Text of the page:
A key element of access to health care is a well-distributed, capable and qualified health workforce.
As of 2023, more than 100 million people across the United States live in a Health Professional Shortage Area (HPSA), as designated by the Health Resources and Services Administration. The demand for health workers is expected to continue rising faster than the supply and states are examining their role in bolstering and strengthening the health workforce.
As highlighted in NCSL’s new report, Leveraging Career Pathway Programs: State Strategies to Combat Health Care Workforce Shortages, creating career pathway programs is one strategy states are using to address or mitigate workforce shortages in the long term.
Career pathways are “a series of structured and connected education programs and support services that enable students, often while they are working, to advance over time to better jobs and higher levels of education and training.” These programs aim to create a talent pipeline of qualified individuals who are ready to fill needed health care jobs and are designed to prepare individuals for the next level of employment, certification or educational level. These programs can focus on a variety of professions, including those in particularly high demand and/or are in low supply in any given state.
State legislatures are considering several strategies to support career pathway programs in their states. These include but are not limited to:
- Creating programs through existing state offices or state education institutions
- Forging partnerships with key stakeholders to ensure pathway programs align well with workforce needs.
- Leveraging or pursuing federal funding to build career pathway programs.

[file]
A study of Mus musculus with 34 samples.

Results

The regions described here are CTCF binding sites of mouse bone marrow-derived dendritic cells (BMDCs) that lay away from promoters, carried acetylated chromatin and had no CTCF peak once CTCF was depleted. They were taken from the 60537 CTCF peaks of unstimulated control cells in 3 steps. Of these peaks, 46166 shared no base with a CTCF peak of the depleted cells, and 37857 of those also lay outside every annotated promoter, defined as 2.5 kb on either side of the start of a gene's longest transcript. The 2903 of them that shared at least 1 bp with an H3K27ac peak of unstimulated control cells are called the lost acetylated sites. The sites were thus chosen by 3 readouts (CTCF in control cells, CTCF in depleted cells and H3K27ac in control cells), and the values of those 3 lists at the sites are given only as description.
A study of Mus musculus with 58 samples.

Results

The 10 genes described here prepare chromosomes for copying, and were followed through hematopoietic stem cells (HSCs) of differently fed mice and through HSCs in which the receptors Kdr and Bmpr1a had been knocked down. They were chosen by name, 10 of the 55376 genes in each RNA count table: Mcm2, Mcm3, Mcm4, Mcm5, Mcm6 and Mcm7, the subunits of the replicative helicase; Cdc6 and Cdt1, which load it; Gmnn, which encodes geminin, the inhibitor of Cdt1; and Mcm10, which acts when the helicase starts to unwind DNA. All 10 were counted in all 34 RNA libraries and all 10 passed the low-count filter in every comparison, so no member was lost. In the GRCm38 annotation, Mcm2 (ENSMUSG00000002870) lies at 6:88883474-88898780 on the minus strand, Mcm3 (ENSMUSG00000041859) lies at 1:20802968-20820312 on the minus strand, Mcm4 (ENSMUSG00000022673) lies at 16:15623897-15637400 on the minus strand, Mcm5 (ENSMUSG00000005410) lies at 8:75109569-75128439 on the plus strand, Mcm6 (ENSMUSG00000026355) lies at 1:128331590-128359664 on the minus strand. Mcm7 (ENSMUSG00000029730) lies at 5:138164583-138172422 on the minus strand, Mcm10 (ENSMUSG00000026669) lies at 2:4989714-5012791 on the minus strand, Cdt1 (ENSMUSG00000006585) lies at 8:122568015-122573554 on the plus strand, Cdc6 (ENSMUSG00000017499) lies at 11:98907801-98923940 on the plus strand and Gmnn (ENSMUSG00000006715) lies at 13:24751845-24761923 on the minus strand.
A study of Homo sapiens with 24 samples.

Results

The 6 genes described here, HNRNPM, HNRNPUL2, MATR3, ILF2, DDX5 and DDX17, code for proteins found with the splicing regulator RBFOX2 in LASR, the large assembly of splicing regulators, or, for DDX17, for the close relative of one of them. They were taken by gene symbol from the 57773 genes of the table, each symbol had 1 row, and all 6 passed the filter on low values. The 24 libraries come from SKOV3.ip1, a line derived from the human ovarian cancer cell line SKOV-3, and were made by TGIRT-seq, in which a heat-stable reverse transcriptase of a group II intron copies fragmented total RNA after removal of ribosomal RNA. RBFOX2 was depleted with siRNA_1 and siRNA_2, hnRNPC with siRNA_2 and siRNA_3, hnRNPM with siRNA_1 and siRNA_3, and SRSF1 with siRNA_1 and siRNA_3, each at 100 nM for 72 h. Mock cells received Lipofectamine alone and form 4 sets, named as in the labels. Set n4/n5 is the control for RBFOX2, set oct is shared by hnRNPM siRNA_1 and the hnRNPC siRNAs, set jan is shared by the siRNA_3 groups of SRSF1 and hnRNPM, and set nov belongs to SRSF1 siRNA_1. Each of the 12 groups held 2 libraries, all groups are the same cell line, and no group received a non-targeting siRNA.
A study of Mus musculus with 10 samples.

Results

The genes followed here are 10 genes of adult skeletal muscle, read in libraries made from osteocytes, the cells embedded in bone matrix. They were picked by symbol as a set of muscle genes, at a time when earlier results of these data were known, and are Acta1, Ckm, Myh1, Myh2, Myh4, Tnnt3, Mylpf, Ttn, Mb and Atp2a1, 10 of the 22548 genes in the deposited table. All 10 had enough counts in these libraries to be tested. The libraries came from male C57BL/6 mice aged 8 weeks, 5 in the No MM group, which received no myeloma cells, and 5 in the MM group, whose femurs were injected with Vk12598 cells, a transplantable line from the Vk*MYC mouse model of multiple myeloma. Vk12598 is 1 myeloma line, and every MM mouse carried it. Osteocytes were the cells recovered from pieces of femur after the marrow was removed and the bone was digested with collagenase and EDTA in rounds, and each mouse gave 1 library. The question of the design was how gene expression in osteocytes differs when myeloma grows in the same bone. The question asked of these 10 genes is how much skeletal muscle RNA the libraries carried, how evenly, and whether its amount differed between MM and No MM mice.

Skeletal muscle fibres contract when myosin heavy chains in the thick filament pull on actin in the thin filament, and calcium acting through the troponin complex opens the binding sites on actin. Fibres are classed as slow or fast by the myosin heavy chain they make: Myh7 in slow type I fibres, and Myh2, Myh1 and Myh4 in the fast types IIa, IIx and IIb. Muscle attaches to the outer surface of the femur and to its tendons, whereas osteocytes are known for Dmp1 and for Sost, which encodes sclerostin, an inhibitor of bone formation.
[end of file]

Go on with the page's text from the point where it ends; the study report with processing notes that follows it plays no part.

- Establishing grant programs that allocate funding to new or existing recruitment and retention programs.
States have focused their efforts in three main areas: K-12 programs, community college programs and undergraduate programs. Program design is variable, providing many different options to states who wish to pursue this pathway.
Some states, like Florida, have focused on the creation of curriculum frameworks which allow career pathways to be easily incorporated into K-12 schools and increases the number of students who graduate with credentials that are immediately transferrable to the workplace. Other states, like Hawaii, have leveraged their community college systems to target high demand industries by providing skills training and credentials to local residents. Nebraska took another approach, allocating funding to local universities who recruit, educate and ensure graduate school enrollment for students committed to practicing health care in rural areas upon graduation.
Check out NCSL’s new report on career pathway programs, Leveraging Career Pathway Programs: State Strategies to Combat Health Care Workforce Shortages, to learn more about state legislative actions in this area. The report outlines how states are creating and leveraging these programs to create a sustainable pipeline of health workforce professionals for the future.
This resource is supported by the Health Resources and Services Administration (HRSA) of the U.S. Department of Health and Human Services (HHS) as part of an award totaling $813,543 with 100% funded by HRSA/HHS. The contents are those of the author(s) and do not necessarily represent the official views of, nor an endorsement, by HRSA, HHS, or the U.S. Government.